LITTLE ROCK SOME THOUGHTS are just too pertinent not to pass on. Like those expressed in an open letter to the increasingly well known Ernest Passailaigue, executive director of this state's still a-borning numbers game, aka the Arkansas Lottery.
The open letter came from Ginny Blankenship, a policy wonk who hangs her hat at Arkansas Advocates for Children and Families, and, boy, does she ever advocate. It's hard to resist quoting her at length. Her theme: the dismaying effect of a lottery on the fraying social fabric of this small, once proud state. Those fancy salaries being handed out are just a small part of it; this thing has only begun to metastasize. Or as Ms. Blankenship notes in her open letter/broadside addressed to Dear Mr. Passailaigue:
" . . . Arkansas Advocates for Children and Families (AACF) did a study last year estimating the amount of revenue that state-sponsored gambling would generate in Arkansas. Our figure was a bit off from yours, by about $38.5 million, probably because we did not compare Arkansas to other states with the most addictive (and lucrative) forms of government gambling, like video lottery terminals (VLTs). Yousee, long before you got here, lottery proponents promised Arkansas voters that they would never allow these things in our state.
"Now that this promise appears well on its way to being broken ("monitor" games are only different from VLTs in semantics-the lottery industry has tried to sneak that one past voters here more than once), we're even more concerned about how the lottery is marketed and whom it is marketed to. Will kids be allowed or even encouraged to play, as is happening in many other states?
"As you may be aware, decades of research across the country have also shown that state lotteries are disproportionately targeted to and played by lowincome and black communities. With over half of Arkansans classified as lowincome (even more so in black communities), we've got enough problems with poverty and racial disparities to begin with. If the ultimate goal of the lottery is to increase our collective wealth by improving education in Arkansas, why risk preying on the half of the state who can least afford it?
"In fact, why market it at all? Everyone who reads the newspaper already knows that they'll be able to buy tickets by the time football season is over. Local news will let us know as soon as the doors are open. Cutting out the ad man would save you a lot of money, too, since every other lottery state has had to spend approximately 70 percent of ticket sales on marketing, prizes, and administration to just to keep the thing running.
"Here's another potential cost-saver: Gambling addictions are already on the rise nationwide-especially among teenagers-driving people even deeper into poverty, bankruptcy, or government dependence. Meanwhile, our lottery's lowest-paid support staff will make more money than our state's entire budget forgambling-related problems, which is currently $0.
"Some have suggested that part of the lottery proceeds should go toward such treatment programs, as more and more people will now inevitably become hooked on government-backed keno, online poker, or video games in nearly every restaurant and store in town. If we don't exacerbate gambling problems by plastering ads across our beautiful state, that could save you some money, too.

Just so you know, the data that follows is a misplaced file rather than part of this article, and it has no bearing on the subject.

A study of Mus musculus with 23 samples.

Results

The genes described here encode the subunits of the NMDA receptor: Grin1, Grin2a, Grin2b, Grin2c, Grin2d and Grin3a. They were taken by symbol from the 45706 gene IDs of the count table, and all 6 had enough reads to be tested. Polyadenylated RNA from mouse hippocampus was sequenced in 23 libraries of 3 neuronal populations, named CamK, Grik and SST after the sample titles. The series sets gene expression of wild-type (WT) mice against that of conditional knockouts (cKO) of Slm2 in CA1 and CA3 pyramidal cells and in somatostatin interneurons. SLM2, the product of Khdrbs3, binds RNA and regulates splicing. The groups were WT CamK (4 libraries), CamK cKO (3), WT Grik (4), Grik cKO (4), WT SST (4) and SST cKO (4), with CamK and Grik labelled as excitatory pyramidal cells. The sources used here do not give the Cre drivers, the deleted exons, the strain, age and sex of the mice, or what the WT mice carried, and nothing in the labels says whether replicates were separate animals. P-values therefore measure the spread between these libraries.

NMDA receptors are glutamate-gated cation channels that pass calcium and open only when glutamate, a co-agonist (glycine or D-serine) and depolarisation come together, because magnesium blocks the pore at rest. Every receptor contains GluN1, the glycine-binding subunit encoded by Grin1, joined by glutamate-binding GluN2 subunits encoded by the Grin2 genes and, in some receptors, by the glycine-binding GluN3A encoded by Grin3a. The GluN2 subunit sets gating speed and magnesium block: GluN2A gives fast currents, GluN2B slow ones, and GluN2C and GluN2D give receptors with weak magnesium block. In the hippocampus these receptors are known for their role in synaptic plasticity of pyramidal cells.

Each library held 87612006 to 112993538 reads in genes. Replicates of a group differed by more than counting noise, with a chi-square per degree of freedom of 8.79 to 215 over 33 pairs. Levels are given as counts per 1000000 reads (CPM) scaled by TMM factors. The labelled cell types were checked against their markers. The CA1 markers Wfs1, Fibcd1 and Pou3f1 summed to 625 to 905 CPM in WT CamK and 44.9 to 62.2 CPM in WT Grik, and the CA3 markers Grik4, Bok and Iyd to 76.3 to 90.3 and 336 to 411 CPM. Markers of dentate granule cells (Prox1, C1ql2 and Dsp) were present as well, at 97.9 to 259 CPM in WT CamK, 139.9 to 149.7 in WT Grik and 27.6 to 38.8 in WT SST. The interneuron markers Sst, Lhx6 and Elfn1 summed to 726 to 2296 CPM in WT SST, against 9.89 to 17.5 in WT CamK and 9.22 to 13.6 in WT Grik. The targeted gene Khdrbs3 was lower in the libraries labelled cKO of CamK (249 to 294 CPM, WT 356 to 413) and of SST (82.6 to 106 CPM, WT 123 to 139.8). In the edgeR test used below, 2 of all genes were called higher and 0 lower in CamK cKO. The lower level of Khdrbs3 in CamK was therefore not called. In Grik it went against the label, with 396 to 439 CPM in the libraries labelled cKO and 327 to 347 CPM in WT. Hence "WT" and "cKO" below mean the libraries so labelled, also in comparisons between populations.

"Finally, in most states with a lottery, state funding for education has essentially been supplanted, and colleges have [raised] their tuitions so high and so fast that the value of students' lottery scholarships [has] been completely eroded. There also appears to be no correlation between states' lottery ticket sales and their number of college graduates and good-paying jobs.
"Just some things to think about. Fortunately, the state already has well over $50 million in unclaimed college scholarships in the bank, so we're in no rush to get the lottery off the ground and can take our time in getting it right." SOMEHOW we don't think Director Passailaigue, or The Hon. Ray Thornton and the rest of the notables on the lottery commission, or the gambling lobby in general, which might be summed up as all the folks hoping to make some money off the lottery, will think about such things. At least not seriously. Instead they've got other things on their minds-mainly money, money, money. Spending it, collecting it (often enough from those who can least afford to gamble), and doing all that in a big hurry. Who cares about haste making waste when all this money is about to roll in? Mr. Passailaigue says it's going to be a transcendent sight, which lets you know what his idea of transcendence is.
Something about her tone tells us that Ginny Blankenship's agenda and the lottery commission's don't quite mesh. Their objectives are quite different: She's out to protect the lottery's easiest marks-the poor and ignorant, and especially the young and most easily misled of them. While the lottery, by its very nature, is out to take them.
We voted this damnable thing in, all of us did, and now we must live with it. For here the people rule (Regnat Populus!) and not always wisely. But thanks to the Ginny Blankenships of this state, and the Jerry Coxes (he's with the Arkansas Family Council), at least we can't pretend we know not what we do. And we can continue to protest every new, arrogant intrusion of this state-run racket on our children, our families, our self-respect, even on our landscape.
Yes, we lost the election over the lottery, those of us who could see this coming, and we lost it big. But some of us-like Ginny Blankenship and Jerry Cox-have only begun to fight. It's not too early to start thinking about how to repeal or at least restrict this fast-approaching, slimy, spirit-eroding thing. It can be done. Because the people are starting to catch on.